I am a white woman, and this is why Black Lives Matter to me.

Over the past few days, I have been trying to put into words how this past week has made me feel, and I am still at a loss. There has been so much heartbreak, so much violence, and so much hate. But there has also been opportunity. Opportunity to make your voice heard, opportunity to create and hold onto hope, and opportunity to love louder. While so many remain silent, I continue to believe that if you are not speaking up, you are a part of the problem. I have become increasingly angry as I watch people (friends, family, etc.) blatantly ignore what is going on in our society—acting as if nothing is wrong, or acting in a way that screams “this doesn’t affect me so I am not going to say anything.” Your silence is violence. Your ignorance is deadly. Your blatant disregard for what is happening across the nation is adding fire to fire.

During the protests of the deaths of Alton Sterling and Philando Castile in Chicago on July 7th, 2016, a bystander asked my friend and fellow photographer “Why are people protesting?” and when he responded “Look at the signs and listen to the chants” she returned a puzzled look. It took a lot of strength from us both not to scream “HOW THE FUCK DO YOU NOT KNOW WHAT IS HAPPENING?!” How, how, how. HOW. I don’t care if you’re white, black, brown, or purple. Turn on your television. Use the internet. Read a newspaper. Do something to stay informed. I repeat, DO SOMETHING TO STAY INFORMED.

This (systemic racism, innocent black men being murdered at the hands of police, black men being targeted by white men) is not something new. This has been happening since before I was born, before my parents were born, and before my grandparents were born. Our technology today— social media; the ability to Facebook live your own murder; police body cams (even though they can conveniently fall off and “malfunction” at any time))—is what brings to light the problems we have been facing as a society for decades. And it is because of our technology today that now, more than ever, we should not be allowed to turn a blind eye to what is happening in our country.

If you are neutral in situations of injustice, you have chosen the side of the oppressor. If an elephant has its foot on the tail of a mouse and you say that you are neutral, the mouse will not appreciate your neutrality.” – Desmond Tutu

About two years ago, when the Black Lives Matter movement really began to pick up momentum and shift from being a hashtag to a socially conscious movement, I was unsure of my place, as white woman, to speak out. I was afraid to say the words “Black Lives Matter” not because I didn’t believe them, but because I didn’t know how I would be perceived by my black friends for saying them. In retrospect, and in seeing the obstacles we currently face, I should have known then how important it is to speak out against the grave injustices happening in our world. I should have known then that not speaking out allows the oppression to continue. I should have known then that my voice matters. And so does yours.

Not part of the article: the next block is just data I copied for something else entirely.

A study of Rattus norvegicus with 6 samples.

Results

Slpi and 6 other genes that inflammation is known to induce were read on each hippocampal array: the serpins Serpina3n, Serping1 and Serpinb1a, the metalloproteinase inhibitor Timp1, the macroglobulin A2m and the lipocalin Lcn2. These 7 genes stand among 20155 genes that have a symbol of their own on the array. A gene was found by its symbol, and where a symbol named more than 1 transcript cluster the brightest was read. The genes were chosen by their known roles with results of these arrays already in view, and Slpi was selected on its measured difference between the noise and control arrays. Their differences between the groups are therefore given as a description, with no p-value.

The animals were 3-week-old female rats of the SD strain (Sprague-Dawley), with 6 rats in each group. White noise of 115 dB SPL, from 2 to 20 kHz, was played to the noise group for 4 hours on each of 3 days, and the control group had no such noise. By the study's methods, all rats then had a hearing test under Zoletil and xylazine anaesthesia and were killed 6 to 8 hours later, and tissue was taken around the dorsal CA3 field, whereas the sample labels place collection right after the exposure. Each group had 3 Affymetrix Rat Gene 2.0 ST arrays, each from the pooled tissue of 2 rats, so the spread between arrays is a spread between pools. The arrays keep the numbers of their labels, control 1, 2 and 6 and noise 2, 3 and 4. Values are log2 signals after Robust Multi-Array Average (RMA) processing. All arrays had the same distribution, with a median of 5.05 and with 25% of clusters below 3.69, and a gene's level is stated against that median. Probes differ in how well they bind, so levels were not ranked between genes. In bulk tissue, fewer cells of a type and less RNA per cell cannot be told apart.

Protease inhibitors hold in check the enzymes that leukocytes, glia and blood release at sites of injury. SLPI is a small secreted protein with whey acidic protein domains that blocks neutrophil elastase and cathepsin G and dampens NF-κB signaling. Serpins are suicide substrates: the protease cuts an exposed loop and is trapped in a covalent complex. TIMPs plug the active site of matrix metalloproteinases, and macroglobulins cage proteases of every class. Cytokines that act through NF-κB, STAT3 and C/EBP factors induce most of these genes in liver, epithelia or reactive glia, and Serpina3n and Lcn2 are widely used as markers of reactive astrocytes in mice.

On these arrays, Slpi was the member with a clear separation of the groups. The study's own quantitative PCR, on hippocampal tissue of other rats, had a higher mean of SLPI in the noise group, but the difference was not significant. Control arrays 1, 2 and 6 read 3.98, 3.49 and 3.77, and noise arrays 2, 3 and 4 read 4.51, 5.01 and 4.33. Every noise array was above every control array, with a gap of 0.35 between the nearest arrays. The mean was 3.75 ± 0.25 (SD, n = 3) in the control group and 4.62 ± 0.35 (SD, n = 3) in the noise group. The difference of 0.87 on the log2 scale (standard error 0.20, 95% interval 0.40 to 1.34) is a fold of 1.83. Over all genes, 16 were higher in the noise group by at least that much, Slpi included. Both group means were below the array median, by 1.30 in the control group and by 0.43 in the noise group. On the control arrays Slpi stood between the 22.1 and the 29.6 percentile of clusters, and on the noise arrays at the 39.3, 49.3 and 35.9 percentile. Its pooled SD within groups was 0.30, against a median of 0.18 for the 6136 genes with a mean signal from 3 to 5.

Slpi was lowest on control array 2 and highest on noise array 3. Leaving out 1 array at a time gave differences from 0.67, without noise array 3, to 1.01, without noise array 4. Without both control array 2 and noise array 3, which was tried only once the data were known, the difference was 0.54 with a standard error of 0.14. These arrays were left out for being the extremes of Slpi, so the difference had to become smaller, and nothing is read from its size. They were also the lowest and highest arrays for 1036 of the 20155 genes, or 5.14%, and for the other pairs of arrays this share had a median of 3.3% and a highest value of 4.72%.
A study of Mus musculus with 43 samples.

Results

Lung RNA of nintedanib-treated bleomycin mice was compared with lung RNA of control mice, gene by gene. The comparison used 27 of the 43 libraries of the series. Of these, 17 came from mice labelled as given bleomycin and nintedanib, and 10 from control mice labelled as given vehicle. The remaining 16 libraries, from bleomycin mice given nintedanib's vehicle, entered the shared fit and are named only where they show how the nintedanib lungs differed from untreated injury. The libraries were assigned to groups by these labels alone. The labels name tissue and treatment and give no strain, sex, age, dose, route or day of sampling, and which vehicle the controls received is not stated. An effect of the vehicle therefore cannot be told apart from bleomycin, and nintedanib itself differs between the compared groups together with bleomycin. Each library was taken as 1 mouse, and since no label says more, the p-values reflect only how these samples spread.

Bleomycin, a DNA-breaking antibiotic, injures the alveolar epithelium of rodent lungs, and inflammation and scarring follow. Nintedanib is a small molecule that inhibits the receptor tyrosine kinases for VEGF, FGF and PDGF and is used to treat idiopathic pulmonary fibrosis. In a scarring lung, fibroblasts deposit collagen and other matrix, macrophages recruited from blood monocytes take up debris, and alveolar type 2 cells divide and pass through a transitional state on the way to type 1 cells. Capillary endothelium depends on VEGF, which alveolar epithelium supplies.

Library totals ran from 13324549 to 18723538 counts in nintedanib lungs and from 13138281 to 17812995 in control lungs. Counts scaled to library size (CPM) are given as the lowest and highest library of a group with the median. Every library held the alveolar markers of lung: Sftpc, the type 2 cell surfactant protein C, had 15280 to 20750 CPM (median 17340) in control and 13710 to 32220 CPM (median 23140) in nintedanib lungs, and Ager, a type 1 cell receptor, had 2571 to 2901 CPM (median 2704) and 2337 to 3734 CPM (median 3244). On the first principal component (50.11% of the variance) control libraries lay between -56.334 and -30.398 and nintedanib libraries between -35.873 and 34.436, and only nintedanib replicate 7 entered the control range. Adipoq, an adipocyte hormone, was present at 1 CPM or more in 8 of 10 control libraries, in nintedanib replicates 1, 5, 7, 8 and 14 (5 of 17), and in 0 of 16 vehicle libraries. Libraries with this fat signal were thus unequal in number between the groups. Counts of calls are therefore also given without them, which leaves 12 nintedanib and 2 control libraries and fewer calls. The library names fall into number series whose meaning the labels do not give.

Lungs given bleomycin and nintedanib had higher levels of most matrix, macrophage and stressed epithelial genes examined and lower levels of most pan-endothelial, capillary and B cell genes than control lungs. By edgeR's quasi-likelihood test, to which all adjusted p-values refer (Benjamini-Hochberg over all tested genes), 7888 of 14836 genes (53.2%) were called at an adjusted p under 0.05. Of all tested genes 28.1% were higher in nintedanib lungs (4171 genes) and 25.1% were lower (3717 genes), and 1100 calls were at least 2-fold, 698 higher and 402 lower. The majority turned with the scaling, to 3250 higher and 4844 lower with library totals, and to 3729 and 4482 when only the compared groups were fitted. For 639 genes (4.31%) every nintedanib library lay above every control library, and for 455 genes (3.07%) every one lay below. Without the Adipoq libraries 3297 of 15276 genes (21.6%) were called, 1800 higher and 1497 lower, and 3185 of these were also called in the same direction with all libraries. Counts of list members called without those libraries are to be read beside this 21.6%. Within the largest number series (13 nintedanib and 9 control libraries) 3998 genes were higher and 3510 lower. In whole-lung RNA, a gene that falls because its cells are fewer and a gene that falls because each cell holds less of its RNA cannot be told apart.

So, I am telling you this now. If you are white (or any race, for that matter), and you believe in this movement— in creating a cultural revolution— and in creating a society where we don’t oppress another human life because of their race, religion or sexual orientation; you MUST speak out. Do not falter in your beliefs for fear of what others may think of you. You must be willing to stand up. You must be the change.

I do not care how many times you see the same article, video, or photo shared on Facebook or Twitter. I do not care if your crazy conservative aunt won’t speak to you at Thanksgiving dinner. If you believe in creating change, let your voice be heard. Start a dialogue at the dinner table; attend a protest; do anything in your power to make a difference. I cannot stress enough that silence is deadly. If change is going to happen, we have to come together and be collectively louder than those who refuse to let our society move forward.

I’ve spent the past few days talking with friends and activists about what they’ve experienced growing up as men and women of color, and listening to their stories hurts my heart in ways I never thought were possible. To hear someone you love tell you that at nine years old—let me say that again, NINE YEARS OLD— a patrolman picked him and a friend up and left them in a gang-ridden neighborhood of Chicago to die for no reason other than the color of their skin destroys you. We cannot continue to let this broken system win. We have to break this deadly cycle.

I do not want to live in a world where my friends have to worry about losing their lives during what should be a procedural traffic stop. I do not want to live in a world where LaQuan McDonald gets shot 16 times in 3 seconds at the hands of police. I do not want to live in a world where my friends have to teach their children how to not become a hashtag when engaging with the people that made a vow to serve and protect them.

People who don’t understand wonder why there is so much anger, and why we feel the need to protest. They wonder why the token black man in their office is so upset the day after Alton Sterling had four bullets put in his chest for selling CDs outside a convenience store. They wonder why their white friends are so passionate about something that “doesn’t affect them.”

Stop wondering. Start listening.

We are fighting for change. We are fighting for a better future for generations to come. We are fighting for what is right. We are fighting to demand justice. And so should you.